A Letter to Rich Melheim
The following is a letter to Rich in response to his question, "What about the Fifth Church model inspires you in your ministry?" For those interested in such things, visit his web site!
I could begin an answer to this question at a # of different points, but I'll start with high school youth ministry. I appreciated the outline of high school ministry you're trying experimentally with a church in Colorado. Currently our high school youth program has continued the program model- Sunday night "events", usually social in nature. Bowling, etc. Nothing wrong with getting together socially, but this functions as the "center " of the high school ministry rather than something extra. We've been in conversation with the local Roman Catholic church about doing joint vespers services, and our high schoolers already respond more wholeheartedly to service and worship opportunities in any event.
We are also introducing this coming fall an adult mentor program for those transitioning from 8th grade confirmation to 9th grade ministry as high schoolers.
The high school thing taps into my interests at another level, because I don't want to implement a staff-centered and driven high school youth program. I want to see it centered in the family, in devotional life, and hopefully in small groups of high schoolers supporting each other in the faith. The old "lone-ranger" model seems too tiring.
From another angle, I believe our church is burned out on the programmatic stuff, bu they're equally fearful of a transition that doesn't look like another big (read: successful) program. So simply using the fifth church materials as a teaching tool is itself helpful. I've done a good deal of reading in ecclesiology, as well as some of the stuff in the Emergent church on more organic forms of small group ministry; I've been reading on cell groups, the catechumenate program, etc., and rather than introducing one of these programs (cell group, catechumenate, small groups, etc. all of which contain excellent ideas) as the solution to our supposed malaise, I believe simply helping us all think about the multiple levels at which the church exists would itself be restful and renewing. Then we pray, give thanks for the breadth of the church that God has given us (we cannot have God as our Father if we do not have the church as our Mother- Cyprian), and listen for the vision given to us.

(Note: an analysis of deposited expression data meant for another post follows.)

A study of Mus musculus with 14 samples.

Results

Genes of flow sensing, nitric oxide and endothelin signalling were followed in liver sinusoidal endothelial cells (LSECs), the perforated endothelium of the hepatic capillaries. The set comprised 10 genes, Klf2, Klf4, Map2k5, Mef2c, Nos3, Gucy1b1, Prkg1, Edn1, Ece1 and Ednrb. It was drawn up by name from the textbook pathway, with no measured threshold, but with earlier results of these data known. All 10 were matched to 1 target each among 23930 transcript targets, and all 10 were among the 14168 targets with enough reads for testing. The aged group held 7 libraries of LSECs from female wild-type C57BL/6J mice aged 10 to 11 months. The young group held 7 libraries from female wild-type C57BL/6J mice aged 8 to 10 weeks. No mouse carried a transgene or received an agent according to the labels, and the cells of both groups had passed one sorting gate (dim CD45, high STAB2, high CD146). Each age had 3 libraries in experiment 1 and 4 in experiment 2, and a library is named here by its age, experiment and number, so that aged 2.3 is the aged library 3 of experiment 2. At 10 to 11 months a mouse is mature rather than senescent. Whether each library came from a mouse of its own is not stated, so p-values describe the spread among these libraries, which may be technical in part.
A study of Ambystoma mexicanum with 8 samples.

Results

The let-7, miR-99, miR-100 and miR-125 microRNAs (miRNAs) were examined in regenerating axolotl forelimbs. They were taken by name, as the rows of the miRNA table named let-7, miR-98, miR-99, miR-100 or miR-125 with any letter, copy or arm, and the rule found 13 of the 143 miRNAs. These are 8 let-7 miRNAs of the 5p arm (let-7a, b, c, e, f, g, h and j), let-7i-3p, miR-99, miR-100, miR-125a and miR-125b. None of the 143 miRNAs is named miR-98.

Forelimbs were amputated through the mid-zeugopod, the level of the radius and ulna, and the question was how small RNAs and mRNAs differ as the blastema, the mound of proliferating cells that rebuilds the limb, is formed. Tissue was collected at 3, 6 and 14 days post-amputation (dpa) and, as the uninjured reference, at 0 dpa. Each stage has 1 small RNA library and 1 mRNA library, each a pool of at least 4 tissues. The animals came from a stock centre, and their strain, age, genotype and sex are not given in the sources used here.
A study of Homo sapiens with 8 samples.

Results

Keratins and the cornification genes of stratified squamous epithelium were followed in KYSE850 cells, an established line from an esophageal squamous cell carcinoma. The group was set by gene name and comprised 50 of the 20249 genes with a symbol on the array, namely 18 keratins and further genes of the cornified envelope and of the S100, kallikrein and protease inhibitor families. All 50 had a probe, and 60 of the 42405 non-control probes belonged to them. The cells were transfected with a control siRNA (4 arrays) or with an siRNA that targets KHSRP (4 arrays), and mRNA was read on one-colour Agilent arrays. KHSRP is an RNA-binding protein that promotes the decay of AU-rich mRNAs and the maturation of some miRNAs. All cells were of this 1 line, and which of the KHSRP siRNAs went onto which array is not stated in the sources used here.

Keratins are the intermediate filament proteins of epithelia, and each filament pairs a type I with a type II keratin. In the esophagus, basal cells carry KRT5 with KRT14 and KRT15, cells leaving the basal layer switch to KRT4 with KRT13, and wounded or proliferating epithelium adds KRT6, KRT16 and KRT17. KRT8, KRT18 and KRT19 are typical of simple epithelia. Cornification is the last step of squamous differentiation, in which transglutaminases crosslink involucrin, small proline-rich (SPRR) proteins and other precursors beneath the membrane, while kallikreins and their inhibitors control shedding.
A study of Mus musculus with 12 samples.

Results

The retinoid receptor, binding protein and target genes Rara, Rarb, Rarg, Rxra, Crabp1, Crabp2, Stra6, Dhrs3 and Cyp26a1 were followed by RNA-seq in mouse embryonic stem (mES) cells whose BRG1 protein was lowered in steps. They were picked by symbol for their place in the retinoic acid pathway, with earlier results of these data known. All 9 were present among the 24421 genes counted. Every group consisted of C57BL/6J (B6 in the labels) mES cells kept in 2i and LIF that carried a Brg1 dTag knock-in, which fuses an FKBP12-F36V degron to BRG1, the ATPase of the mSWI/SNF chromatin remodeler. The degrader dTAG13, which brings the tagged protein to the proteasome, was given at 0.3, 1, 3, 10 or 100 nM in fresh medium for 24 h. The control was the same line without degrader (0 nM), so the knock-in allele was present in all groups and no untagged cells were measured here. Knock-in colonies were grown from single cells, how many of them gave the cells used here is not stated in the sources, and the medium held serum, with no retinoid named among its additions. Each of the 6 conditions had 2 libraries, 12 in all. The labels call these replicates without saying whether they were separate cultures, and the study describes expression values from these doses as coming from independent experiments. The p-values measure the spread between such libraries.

Finally, beginning with the first church reminds us all that renewal begins at home (renewal actually begins when the Spirit brings life to this cruciform body of Christ that we call the church), but in terms of the life of the church, the fifth church models encourages people to look for change at home at the same time that they expect change (but seldom volunteer to help out) in the fifth church.
Guess that's a mix of cynicism and optimism, but it's where I'm at. I especially want to continue my reflections on your model of the seven churches as a method for development of an ecclesiology. When I think about it in that way, I can think of one way to challenge you on your current model. It goes something like this:
You've got all the aspects of congregationalism and low church piety influencing your model- small groups, cell groups, home devotions, etc. And at the top level you've got some good Lutheran vocational stuff (sixth church) as well as the church in the eschatological sense (seventh church). But what about a church of churches, the church that exists in many places. We need to call ourselves and our people to think not only in terms of the church lived out in their daily lives, but also the church that gathers in many ways and places throughout the world. So your model needs to include a more adequate ecclesiology, including the ministry, the relation between churches, bishops, denominations, etc., and how this relates to the laity.
Hope it's not too presumptuous to suggest these things.